Nutritionist


 

It's easy actually...all the Nutritionists on MojoGuru meet our strict education and qualification standards and quality certified by us. 

 

Nutritionists are specifically trained in the science of food nutrition and how food impacts our health. This includes how we ingest, digest, absorb, and move nutrients around our body, as well as how and what is stored and excreted. It's more than that though, it also addresses our environmental, psychological and behavioural relationship with food.

 

A properly qualified Nutritionist can advise you on issues such as food intolerances, allergies, cholesterol, illnesses, obesity and overall energy/performance levels and more.

 

We're all different but we all need the correct balance of carbohydrates, proteins, fats, vitamins, minerals and water to feel and function at our best. Do yourself a huge favour and book a consultation with one of MojoGuru's quality certified Nutritionists today. Your body will thank you for it!

Medical nutrition therapy (MNT) includes a wide variety of treatments based on the nutritional status of the patient. The intensity of the therapy varies greatly, ranging from a few changes in dietary intake to tube or intravenous feeding.

 

Medical nutrition therapy may be useful in treating or controlling heart disease, diabetes, AIDS, cancer, kidney disease and many other health related conditions. While often used as part of a palliative care treatment, relatively healthy people may also use this therapy for minor dietary adjustments. Complementary nutrition therapy optimizes nutritional health in order to enhance medical care and treatment. Medical nutrition therapy is not a cure for terminal illness but can improve a patient's quality of life.

 

According to The American Dietetic Association medical nutrition therapy and lifestyle counseling are integral components of medical treatment for the management of selected conditions. Numerous chronic medical conditions respond to medical nutrition therapy; however, pharmacotherapy may be needed to achieve control. In some cases, medical nutrition therapy and pharmacotherapy may need to be initiated simultaneously. Medical nutrition therapy is critical to the management of a variety of chronic diseases, is effective in managing disease, and is cost-effective.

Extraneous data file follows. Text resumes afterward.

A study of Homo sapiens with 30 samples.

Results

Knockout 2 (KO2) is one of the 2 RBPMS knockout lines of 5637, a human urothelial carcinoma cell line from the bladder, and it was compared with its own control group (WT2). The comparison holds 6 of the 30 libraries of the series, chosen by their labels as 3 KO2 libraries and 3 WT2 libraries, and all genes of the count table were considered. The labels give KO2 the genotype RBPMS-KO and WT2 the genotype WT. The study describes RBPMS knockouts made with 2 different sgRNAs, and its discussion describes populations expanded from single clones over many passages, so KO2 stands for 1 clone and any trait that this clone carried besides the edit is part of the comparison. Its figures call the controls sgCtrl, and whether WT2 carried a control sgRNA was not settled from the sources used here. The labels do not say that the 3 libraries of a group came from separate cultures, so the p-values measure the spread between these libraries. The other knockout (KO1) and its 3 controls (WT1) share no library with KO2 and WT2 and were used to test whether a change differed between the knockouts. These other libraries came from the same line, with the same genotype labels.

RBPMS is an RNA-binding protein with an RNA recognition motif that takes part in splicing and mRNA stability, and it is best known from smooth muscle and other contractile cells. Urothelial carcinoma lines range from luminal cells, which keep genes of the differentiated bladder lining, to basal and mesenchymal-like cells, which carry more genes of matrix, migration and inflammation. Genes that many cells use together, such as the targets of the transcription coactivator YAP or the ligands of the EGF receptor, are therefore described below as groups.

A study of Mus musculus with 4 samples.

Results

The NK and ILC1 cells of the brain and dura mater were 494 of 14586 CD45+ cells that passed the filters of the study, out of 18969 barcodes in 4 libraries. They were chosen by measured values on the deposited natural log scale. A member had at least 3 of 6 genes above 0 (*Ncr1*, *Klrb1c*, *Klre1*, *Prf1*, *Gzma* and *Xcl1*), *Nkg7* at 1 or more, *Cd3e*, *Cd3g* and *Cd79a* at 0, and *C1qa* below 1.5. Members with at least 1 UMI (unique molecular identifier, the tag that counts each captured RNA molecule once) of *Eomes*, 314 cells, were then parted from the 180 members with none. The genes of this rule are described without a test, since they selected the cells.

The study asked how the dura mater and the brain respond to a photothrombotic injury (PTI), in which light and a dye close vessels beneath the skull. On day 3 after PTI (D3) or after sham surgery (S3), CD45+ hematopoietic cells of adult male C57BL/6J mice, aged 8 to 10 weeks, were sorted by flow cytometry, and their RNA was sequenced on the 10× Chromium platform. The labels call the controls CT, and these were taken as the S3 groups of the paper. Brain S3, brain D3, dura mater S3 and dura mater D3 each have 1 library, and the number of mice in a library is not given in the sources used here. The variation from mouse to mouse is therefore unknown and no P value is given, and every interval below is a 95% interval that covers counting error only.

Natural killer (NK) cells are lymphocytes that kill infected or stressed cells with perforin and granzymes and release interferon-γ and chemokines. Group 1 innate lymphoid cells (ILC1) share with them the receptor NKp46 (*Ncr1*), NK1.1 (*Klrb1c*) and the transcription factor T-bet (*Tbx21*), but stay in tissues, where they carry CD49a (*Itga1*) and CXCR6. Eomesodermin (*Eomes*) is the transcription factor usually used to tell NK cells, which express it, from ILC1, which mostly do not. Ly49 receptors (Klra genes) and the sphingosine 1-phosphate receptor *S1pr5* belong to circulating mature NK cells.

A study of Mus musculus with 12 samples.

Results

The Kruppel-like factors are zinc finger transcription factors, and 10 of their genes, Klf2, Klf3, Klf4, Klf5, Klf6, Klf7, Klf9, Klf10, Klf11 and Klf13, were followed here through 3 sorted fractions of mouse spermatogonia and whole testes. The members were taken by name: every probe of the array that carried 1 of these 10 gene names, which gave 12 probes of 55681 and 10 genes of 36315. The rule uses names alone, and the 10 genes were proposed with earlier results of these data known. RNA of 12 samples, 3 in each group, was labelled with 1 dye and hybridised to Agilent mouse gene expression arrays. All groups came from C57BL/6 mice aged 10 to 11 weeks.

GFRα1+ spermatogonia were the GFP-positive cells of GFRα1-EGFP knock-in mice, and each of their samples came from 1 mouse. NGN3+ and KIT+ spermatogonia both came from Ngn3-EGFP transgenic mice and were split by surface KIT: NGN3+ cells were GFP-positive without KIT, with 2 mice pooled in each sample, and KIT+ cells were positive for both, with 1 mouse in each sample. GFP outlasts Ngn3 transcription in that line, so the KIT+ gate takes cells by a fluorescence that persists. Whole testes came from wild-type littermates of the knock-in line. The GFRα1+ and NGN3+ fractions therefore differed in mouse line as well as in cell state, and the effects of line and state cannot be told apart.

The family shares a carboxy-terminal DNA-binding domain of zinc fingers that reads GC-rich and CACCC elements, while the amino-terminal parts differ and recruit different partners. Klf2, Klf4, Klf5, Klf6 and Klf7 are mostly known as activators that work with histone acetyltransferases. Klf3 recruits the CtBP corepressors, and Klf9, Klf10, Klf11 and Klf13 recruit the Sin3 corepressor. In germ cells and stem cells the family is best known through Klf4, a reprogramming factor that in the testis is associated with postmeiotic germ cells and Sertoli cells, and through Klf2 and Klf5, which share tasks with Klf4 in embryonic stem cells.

Promising uses of medical nutrition therapy for the future reside in a vast array of conditions, such as supplying proper nutrients to people with HIV/AIDS and cancer, or possibly helping to decrease the prevalence of type II diabetes.

Society may be aware of the impact diet has on disease prevention but far fewer people are aware that changes in diet may be able to help speed the recovery process and control diseases. The scope of medical nutrition therapy makes it very challenging to draw any firm conclusions regarding its safety or efficacy, as it may be practiced in any number of ways for a variety of conditions. Nevertheless, this therapy appears relatively safe when used under the supervision of a qualified healthcare professional and/or dietician.

 

Patients with a variety of medical conditions may benefit from medical nutrition therapy. Conditions and symptoms that have been studied include dry skin, joint pain, indigestion, heartburn, gas, bloating, diarrhea, constipation, hypertension, gestational diabetes, irritable bowel syndrome, gastrointestinal problems, diabetes, high cholesterol, insulin resistance, depression, thyroid disease, food allergies, chronic fatigue, menopausal symptoms, HIV/AIDS, kidney failure, eating disorders, pregnancy, wound healing, psoriasis, cardiovascular disease, obesity, and post-surgical therapy.

 

Studies conducted on the effectiveness of medical nutrition therapy in the treatment of diabetes have shown positive results. Medical nutrition therapy has not only improved diabetes, but also the well being of the patients treated. Today there is no one "diabetic" diet. The recommended diet is a dietary prescription based on nutrition assessment and treatment goals of an individual patient. Thus, medical nutrition therapy for people with diabetes is often individualized, with consideration given to usual eating habits and other lifestyle factors.

 

Although eating disorders fall under the category of psychiatric diagnoses, there are a number of nutritional and medical issues that require the expertise of a registered dietitian. Medical nutrition therapy provided by a registered dietitian trained in the area of eating disorders may play a significant role in the treatment and management of eating disorders.